Securing a loan: What are your options?
Published 15/10/2015 | 02:30
Ever since the peak of the credit crunch in late 2008, banks have been returning to the old ways of doing business.
This can be summed up as the money-in, money-out and margin-in-the-middle business model. That was the model that had sustained them since the Medicis in the 15th century.
But everything is not what it used to be.
If you are looking for a mortgage, a traditional bank is still your best bet but if you are looking for other types of funds, the landscape is beginning to change.
Here Frank Conway, founder of MoneyWhizz.org, the financial literacy initiative, gives a sample of what is on offer:
Say you have a really bright idea that you are certain will fly in the market but your local bank manager, well...they just don't get it.
Nothing new here, just stick with the idea because there is a new source of funding on the market that just may back your idea.
Crowdfunding is a relatively new concept and it is a child of the internet age. Under this model, bright sparks can now connect directly with the masses and in doing so, raise the necessary cash to get that idea up and launched.
But watch out! Just because you may feel your concept has merit, the masses may not (so this could also become a good way of validating your idea).
With names like Kickstarter, FundAnything and Indiegogo, some have received backing from icons like Donald Trump, so it's little wonder these services are receiving a lot of headlines.
They are becoming significant players in the start-up and general funding space globally. The sign-up process is relatively straightforward (they will ask a lot of questions about that idea of yours) but once the sign-up is completed, the funds can start coming in right away and once your target is set, you are off.
Use Google and Wikipedia to access the comprehensive list of crowdfunding services now available and details of how to access this new market.
Car finance was severely restricted during the financial bust.
So, in order to keep sales going, large car manufacturers introduced their own banking and financing options.
Volkswagen, Renault and BMW are examples of the new finance options available to those looking for a new car.
But instead of term loans, there is what is called Personal Contract Plans where a chunk of cash is put down by the customer and the car company funds the car use for the agreed term.
Personal contract plans (PCPs) are a relatively new concept in the Irish market which will appear to be less expensive than most bank and credit union term loans. One thing to watch out for here is the level of deposit you will require to purchase the car outright at the end of the PCP plan.
Looking at both the VW and Renault PCP offers, both will cost in the region of 7pc for the PCP but with no ownership at the end of the PCP, your long-term financial well-being might be better served through buying outright.
And to do this, credit unions and banks can charge between 8pc and 12pc.
Personal loans (including student loans)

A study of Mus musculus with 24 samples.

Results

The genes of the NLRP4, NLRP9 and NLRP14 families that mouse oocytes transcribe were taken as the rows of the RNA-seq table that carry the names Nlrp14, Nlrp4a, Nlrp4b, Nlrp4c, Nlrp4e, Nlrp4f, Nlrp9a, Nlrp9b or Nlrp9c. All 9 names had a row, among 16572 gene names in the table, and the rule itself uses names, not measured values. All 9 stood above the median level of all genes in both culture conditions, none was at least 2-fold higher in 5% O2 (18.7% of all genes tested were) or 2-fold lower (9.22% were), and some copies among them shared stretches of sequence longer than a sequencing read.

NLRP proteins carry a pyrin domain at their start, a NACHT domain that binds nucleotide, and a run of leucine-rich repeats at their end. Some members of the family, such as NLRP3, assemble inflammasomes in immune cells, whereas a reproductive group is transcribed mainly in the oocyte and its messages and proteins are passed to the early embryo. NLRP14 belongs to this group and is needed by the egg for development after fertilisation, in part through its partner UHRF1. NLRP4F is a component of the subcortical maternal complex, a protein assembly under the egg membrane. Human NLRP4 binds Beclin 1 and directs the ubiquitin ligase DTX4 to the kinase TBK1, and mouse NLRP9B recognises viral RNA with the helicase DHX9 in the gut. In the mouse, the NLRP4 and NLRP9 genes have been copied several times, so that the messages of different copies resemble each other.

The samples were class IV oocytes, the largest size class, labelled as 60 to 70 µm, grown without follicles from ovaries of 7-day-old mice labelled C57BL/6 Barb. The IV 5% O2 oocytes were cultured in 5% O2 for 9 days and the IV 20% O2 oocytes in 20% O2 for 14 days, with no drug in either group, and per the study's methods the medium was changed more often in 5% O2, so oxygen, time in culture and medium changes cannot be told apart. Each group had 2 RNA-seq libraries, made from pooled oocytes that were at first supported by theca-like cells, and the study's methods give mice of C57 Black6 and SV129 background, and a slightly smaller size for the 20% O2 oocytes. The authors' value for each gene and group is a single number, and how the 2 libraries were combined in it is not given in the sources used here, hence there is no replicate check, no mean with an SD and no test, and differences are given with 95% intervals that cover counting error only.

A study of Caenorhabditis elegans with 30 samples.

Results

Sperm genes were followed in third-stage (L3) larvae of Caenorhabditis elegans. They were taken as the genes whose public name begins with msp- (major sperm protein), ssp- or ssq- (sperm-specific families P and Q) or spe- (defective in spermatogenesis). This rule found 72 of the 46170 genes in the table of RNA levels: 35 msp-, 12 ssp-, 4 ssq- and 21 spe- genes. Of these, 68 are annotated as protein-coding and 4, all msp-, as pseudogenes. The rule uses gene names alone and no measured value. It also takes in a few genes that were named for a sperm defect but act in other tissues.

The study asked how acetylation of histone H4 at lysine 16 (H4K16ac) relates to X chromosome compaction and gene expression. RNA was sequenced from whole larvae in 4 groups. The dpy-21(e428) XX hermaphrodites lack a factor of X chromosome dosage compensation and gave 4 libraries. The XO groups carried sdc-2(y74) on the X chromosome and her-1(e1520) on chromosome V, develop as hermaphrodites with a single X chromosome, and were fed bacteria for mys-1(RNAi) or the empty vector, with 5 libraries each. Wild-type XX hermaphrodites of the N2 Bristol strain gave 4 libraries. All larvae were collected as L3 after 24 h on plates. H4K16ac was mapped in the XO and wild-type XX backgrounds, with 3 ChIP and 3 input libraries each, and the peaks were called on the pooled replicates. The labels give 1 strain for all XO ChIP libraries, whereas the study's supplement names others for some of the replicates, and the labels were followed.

Banks and credit unions dominate here and before you apply to any institution, you need to ensure you have a good credit rating.
Credit unions are now required to report to the main credit reporting agency, the Irish Credit Bureau (this is in transition to be taken over by the Central Credit Register).
So, what can you expect to pay in terms of costs? Well, that depends on where you apply. According to the Competition and Consumer Protection Commission-operated website, www.consumerhelp.ie, a €5,000 loan over a term of three years will cost you between 7.5pc and 14.3pc.
Credit unions, on the other hand, are well worth a call when it comes to personal loans, home improvement and student loans with interest rates varying from 6.5pc to 10pc with some promotional offers starting as low as 3.99pc on student loans to 4pc and 5pc on home improvement and short-term loans.
Check what your local credit union is currently offering as interest charged will vary from credit union to credit union.
Earlier this summer, the launch of a small loan initiative by the Irish League of Credit Unions and the Department of Social Protection promised to provide a reliable alternative to moneylenders.
Some 40,000 loans per annum at a cost of 12pc will cost consumers far less than the 100pc-plus they pay to licensed moneylenders.
Loan amounts will be in the €500 range and, as mentioned, designed to challenge the likes of moneylenders.
Will Generation Z end banking as we know it?
Is the old traditional model of banking on the wane? Well, if you talk to the founders of Google and Facebook as well as Apple, they would like to think so.
Technology matters more than ever and with developments such as GooglePay, ApplePay, PayPal, the block-chain of Bitcoin and now Facebook looking to get in on the money act, it is little wonder banking behemoths such as Deutsche Bank have voiced caution about the traditional banking model.
Generation Z, those born after 2000, is the first generation of 'digital natives', those not only raised and adapted to digital technology, but who know nothing else but digital.
In financial services, they will demand faster and more efficient services from their financial service providers.
More important, the Z Generation seek greater social responsibility from brands and this is where credit unions may have the upper hand.
But if they are to really become relevant to the Z crowd, it is imperative banks match their local and social model with technologically-driven products and services.